Hello to all. I hope you can please help me with this one. I've looked around online and asked some folks who couldn't make heads nor tails of this. I'm hoping my mentors can do so....I have a Lincoln Penny (anniversary 2009-D), OBV attached. It has what looks like (near) equally spaced perpendicular burst marks around the edge from about the 10 o'clock position to the 3 o'clock position. Looks almost like it would if saran-wrap was placed over the top of a can and pulled. In addition, the inner edge line disappears around the area of the Mint mark until almost to the last "T" (of TRUST) on the right side. Any idea what these are indicative of, and what they come from (possibly two different reasons?). Are they possibly a result of hard pressure OBV-die hit-marks. Please provide feedback when possible. Thank you in advance
They look like metal flow lines from an aging die. The die was simply wearing out and the continued striking of coins just makes them worse. These are also referred to as Late Die State (LDS) and when they get really bad, Very Late Die State (VLDS) coins. If you search on these, you should find lots of information.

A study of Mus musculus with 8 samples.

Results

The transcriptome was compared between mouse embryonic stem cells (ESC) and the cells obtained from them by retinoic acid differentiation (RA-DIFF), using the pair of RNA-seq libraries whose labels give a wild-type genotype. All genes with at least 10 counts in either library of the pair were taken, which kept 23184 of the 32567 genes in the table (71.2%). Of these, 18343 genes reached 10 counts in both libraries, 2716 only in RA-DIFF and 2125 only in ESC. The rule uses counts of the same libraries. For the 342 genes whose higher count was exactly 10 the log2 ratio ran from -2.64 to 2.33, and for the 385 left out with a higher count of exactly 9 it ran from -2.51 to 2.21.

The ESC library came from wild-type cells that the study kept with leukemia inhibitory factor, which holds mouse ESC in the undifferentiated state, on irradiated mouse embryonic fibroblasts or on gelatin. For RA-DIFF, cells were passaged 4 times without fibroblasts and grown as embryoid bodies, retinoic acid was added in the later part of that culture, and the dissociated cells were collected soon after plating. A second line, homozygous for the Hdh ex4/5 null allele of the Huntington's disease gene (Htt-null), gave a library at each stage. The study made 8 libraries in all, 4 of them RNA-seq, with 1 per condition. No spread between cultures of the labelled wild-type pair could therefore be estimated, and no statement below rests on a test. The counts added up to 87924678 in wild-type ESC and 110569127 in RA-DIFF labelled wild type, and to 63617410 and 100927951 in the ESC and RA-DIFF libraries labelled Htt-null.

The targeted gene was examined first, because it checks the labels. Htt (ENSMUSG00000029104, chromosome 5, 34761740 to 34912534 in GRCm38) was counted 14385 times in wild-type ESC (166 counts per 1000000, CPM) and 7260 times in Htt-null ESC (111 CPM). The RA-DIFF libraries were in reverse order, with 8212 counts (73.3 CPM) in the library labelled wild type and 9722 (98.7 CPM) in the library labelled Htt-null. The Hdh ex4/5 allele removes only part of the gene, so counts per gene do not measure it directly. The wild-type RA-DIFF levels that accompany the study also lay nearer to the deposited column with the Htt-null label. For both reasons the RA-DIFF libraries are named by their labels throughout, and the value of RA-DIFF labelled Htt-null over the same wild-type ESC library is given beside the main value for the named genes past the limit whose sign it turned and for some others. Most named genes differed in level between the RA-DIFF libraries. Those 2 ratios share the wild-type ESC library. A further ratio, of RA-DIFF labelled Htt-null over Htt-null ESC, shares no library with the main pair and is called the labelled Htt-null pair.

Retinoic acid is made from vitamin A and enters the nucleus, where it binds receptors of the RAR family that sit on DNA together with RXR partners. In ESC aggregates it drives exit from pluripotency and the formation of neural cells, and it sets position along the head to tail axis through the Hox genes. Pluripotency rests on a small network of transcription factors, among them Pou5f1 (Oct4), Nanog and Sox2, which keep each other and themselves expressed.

The first US coin motto was found on a 1792 half disme and read: "LIB (erty) PAR (ent) OF SCIENCE & INDUSTRY"
Thank you for the insight....so much to learn...so, with that situation, it's probably pretty common. But, since the REV is a Lincoln Anniversary (Log splitting - Indiana?), good to keep for the Anniversary set? Thanks again.
As the two dies meet, the coin blank is loosely retained in a collar. Ten thousands or so to allow for slight expansion. These are most likely flow marks caused from a variety of factors. Slightly smaller blank, improperly retained collar, pressure, ect. A great question though, Welcome!
Thank you for the feedback and education. Since it is a Lincoln Memorial penny, I think I will just collar it with LDS on it, and keep it with the others in making sets. Suggestions are always welcome. Thank you and please stay safe!